Echoes: Cartier Athletic Field


Once there was a time, another century, when admission to Notre Dame home football games was free. Of course, fans had to stand on the sidelines, as stadium seating did not exist. But then, neither did a stadium.

In 1897, an intercollegiate football team needed funding for such things as travel and equipment, but the ND team playing in an open field under coach Frank E. Hering was not recouping expenses, much to the chagrin of University President Father Andrew Morrissey, CSC. The students weren’t about to ante up to watch the games, so the budget-conscious Morrissey turned to the alumni for help.


A couple years later, in the spring of 1899, an administrator whose name is lost to history suggested a way to end the spectators’ freeloading: build an enclosed field and charge an entrance fee.

This time, commerce met altruism. After launching yet another plea, one asking specifically for money to buy land and material for a fence, Father Morrissey scored a touchdown.

“I have thought for some time that as Notre Dame was getting so interested in athletics, she should have an enclosed field and have wondered many a time why the question was not taken up,” Warren A. Cartier, an 1887 civil engineering graduate who grew up in Michigan, replied to Morrissey on June 27.

Cartier, the son of one the nation’s first lumber barons, did more than wonder; he took up the need himself. He bought 10 acres on the east side of the campus, and he and his wife, Kate Dempsey Cartier, immediately turned the deed over to Notre Dame. Warren then sent lumber from his company for a fence and grandstand. In response, the University named the new arena Cartier Athletic Field.

A member of the football team and the rowing crew as a student, the devoutly Catholic Cartier was indeed a loyal son of Notre Dame. As a graduate he served for 15 years as treasurer of the Notre Dame Alumni Association and 20 years as a member of the board of trustees. His giving nature was apparently a familial trait. As president of the Commercial & Savings Bank in Ludington, Michigan, Warren’s father, Antoine, paid back all the depositors with his own money when the bank failed in 1893.

When Warren Cartier was elected mayor of Ludington in 1899, again following in the footsteps of his father, who had twice served as Ludington’s mayor, he focused on upgrades. The forward-thinking engineer, a historian for MyNorth.com noted, organized the Ludington Gas Company to fuel the Michigan town, started a phone company for the area because he found Ma Bell’s service sadly lacking and founded Ludington State Bank.

Just as Cartier showed foresight in his planning, Notre Dame decided the new enclosed field should serve the needs of a variety of athletic endeavors: bicycling, track, baseball and football. Later, the large area also came in handy for military drills. The finished grounds contained a baseball diamond, two football fields, a quarter-mile banked track, a 220-yard straightaway and grandstand seating for 500. The May 12, 1900, formal opening of Cartier Athletic Field featured not a football game but a track and field championship tournament followed by a baseball game.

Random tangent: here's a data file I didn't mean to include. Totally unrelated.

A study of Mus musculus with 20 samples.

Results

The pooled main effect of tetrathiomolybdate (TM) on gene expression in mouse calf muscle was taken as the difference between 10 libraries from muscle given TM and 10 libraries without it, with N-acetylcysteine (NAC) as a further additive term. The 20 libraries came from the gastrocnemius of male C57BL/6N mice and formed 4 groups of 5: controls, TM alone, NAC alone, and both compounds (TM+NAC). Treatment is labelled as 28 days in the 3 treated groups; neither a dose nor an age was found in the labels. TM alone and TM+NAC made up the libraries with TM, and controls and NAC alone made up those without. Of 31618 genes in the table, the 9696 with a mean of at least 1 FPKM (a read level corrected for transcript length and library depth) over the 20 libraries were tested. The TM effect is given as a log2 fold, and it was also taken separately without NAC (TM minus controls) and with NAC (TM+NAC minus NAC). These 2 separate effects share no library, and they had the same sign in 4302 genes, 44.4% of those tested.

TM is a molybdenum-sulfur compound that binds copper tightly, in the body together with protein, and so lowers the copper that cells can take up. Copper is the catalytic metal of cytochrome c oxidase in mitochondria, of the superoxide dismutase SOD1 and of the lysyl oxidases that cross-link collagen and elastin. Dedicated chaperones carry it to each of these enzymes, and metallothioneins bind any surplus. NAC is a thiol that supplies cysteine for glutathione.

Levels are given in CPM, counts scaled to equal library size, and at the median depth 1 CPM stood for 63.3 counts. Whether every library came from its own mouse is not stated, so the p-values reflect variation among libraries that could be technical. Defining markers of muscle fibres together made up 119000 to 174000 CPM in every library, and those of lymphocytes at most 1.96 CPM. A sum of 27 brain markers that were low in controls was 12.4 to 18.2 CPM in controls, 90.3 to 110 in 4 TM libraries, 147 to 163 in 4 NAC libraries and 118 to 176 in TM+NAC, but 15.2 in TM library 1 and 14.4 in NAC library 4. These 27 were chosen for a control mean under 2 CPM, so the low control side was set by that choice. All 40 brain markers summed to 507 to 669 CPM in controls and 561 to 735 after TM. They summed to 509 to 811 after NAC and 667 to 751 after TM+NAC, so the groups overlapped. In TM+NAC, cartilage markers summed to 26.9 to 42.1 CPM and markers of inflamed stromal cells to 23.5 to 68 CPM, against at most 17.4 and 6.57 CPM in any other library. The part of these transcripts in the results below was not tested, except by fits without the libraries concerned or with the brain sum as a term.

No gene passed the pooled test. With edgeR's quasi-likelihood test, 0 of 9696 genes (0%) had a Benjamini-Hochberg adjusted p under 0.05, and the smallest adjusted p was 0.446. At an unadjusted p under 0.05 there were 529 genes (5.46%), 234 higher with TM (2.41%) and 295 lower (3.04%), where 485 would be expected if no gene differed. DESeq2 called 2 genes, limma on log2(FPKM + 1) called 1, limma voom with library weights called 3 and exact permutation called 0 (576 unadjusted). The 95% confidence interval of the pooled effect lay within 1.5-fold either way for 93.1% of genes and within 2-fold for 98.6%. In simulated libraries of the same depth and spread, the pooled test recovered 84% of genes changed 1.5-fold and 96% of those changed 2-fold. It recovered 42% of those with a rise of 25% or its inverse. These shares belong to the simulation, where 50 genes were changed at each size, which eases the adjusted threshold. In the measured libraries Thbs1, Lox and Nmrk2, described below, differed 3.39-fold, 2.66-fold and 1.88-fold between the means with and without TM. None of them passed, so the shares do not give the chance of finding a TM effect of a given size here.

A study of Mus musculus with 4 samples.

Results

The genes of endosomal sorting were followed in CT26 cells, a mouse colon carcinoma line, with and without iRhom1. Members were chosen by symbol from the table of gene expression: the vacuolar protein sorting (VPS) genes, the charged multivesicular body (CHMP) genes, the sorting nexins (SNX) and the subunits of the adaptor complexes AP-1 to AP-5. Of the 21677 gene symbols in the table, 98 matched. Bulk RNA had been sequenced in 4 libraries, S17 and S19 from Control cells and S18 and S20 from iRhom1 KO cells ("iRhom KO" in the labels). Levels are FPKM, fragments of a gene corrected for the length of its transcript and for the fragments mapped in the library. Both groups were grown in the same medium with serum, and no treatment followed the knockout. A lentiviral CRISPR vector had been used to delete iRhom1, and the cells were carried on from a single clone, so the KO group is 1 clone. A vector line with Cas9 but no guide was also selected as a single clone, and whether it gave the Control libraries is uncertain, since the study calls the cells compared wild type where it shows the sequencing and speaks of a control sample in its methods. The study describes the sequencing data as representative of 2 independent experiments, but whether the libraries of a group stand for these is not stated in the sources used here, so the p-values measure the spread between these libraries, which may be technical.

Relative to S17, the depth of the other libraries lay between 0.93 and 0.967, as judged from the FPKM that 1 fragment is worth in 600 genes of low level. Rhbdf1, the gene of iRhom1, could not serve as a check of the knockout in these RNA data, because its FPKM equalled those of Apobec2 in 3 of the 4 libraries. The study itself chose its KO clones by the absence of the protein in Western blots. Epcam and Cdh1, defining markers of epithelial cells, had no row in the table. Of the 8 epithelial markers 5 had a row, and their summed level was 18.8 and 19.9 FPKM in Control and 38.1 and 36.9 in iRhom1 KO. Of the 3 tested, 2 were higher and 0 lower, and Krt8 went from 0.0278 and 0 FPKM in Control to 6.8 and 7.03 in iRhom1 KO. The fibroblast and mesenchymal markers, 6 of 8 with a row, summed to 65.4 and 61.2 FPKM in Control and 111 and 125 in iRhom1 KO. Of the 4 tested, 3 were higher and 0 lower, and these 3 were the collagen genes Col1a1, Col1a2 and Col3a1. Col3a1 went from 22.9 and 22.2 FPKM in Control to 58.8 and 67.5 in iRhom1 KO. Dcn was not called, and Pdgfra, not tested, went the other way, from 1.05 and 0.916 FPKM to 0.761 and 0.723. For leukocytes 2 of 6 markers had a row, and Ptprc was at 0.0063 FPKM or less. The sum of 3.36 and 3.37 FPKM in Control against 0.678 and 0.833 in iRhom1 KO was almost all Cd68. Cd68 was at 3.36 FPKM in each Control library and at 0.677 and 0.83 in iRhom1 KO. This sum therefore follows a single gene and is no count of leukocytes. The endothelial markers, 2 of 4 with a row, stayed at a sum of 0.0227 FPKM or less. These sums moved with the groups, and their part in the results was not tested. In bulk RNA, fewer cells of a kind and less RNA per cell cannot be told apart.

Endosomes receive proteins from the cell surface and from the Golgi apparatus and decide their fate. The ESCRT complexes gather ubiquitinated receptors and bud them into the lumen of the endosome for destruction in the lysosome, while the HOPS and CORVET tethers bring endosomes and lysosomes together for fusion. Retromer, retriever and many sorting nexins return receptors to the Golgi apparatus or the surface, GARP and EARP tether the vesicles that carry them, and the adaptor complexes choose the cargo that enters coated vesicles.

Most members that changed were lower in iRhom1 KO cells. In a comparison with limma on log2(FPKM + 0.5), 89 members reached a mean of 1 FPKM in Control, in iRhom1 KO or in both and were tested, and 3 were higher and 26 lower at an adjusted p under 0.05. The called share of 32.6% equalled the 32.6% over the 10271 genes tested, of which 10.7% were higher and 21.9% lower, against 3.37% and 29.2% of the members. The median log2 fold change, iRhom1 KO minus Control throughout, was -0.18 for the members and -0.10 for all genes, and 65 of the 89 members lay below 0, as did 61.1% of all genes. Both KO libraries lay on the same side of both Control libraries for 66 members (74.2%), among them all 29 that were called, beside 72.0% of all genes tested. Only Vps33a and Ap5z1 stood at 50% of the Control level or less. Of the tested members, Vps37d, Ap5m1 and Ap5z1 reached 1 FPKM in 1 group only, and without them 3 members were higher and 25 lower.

Sportswriters for the University’s then-weekly Scholastic, never known for humility, gleefully reported on the new field’s “glorious opening” success: “Any way you figure it out, it comes to the same conclusion: the championship of the state in track and field athletics is anchored at Notre Dame and seems likely to stay here for an indefinite number of years.” The report on the baseball game continued the bragging: “Hard upon the track team’s masterly victory over Purdue and Indiana, after the Nebraska boys had looked on at a most clever exhibition of skill and endurance, and had seen of what metal we are made, they were treated to a drubbing at the hands of our baseball team. The game was ours from the start.”

For the football team, Cartier Field was a winning home. The Catholics or Ramblers or Fighting Irish — the nickname varied through the years — posted a 23-year winning streak there. The Gipper and the Four Horsemen were among the players who trod the sod of Cartier Field.

Although more seating had been added through the years, and eventually some 26,000 fans could squeeze onto the field’s wooden stands to enjoy the football team’s success, the University heard the pleas of students and fans and began making plans for a new arena to be used only for football. When Notre Dame Stadium opened in 1930, directly south of Cartier Field, the playing surface was grass from Cartier, which had been transplanted there at the insistence of famed football coach Knute Rockne.

That was not, however, the end for Cartier Field. The baseball and track and field teams still called it home. But as the footprint of the campus began to change, so, too, did the placement of athletic venues. Cartier Field was re-established east of the Joyce Athletic and Convocation Center in 1962 to make way for the new library quad. Although Warren had died in 1934, members of his family attended the dedication of the new site, which hosted outdoor track and field events and football practices. The baseball team began to play nearby, in the new Jake Kline Field.

Through the next several decades, as the University added more sports facilities, Cartier’s eventual use was mainly as a football practice field. Finally, in 2008, three new fields called the LaBar Practice Complex opened, and the Cartier Field name itself became history.


Carol Schaal is managing editor of this magazine.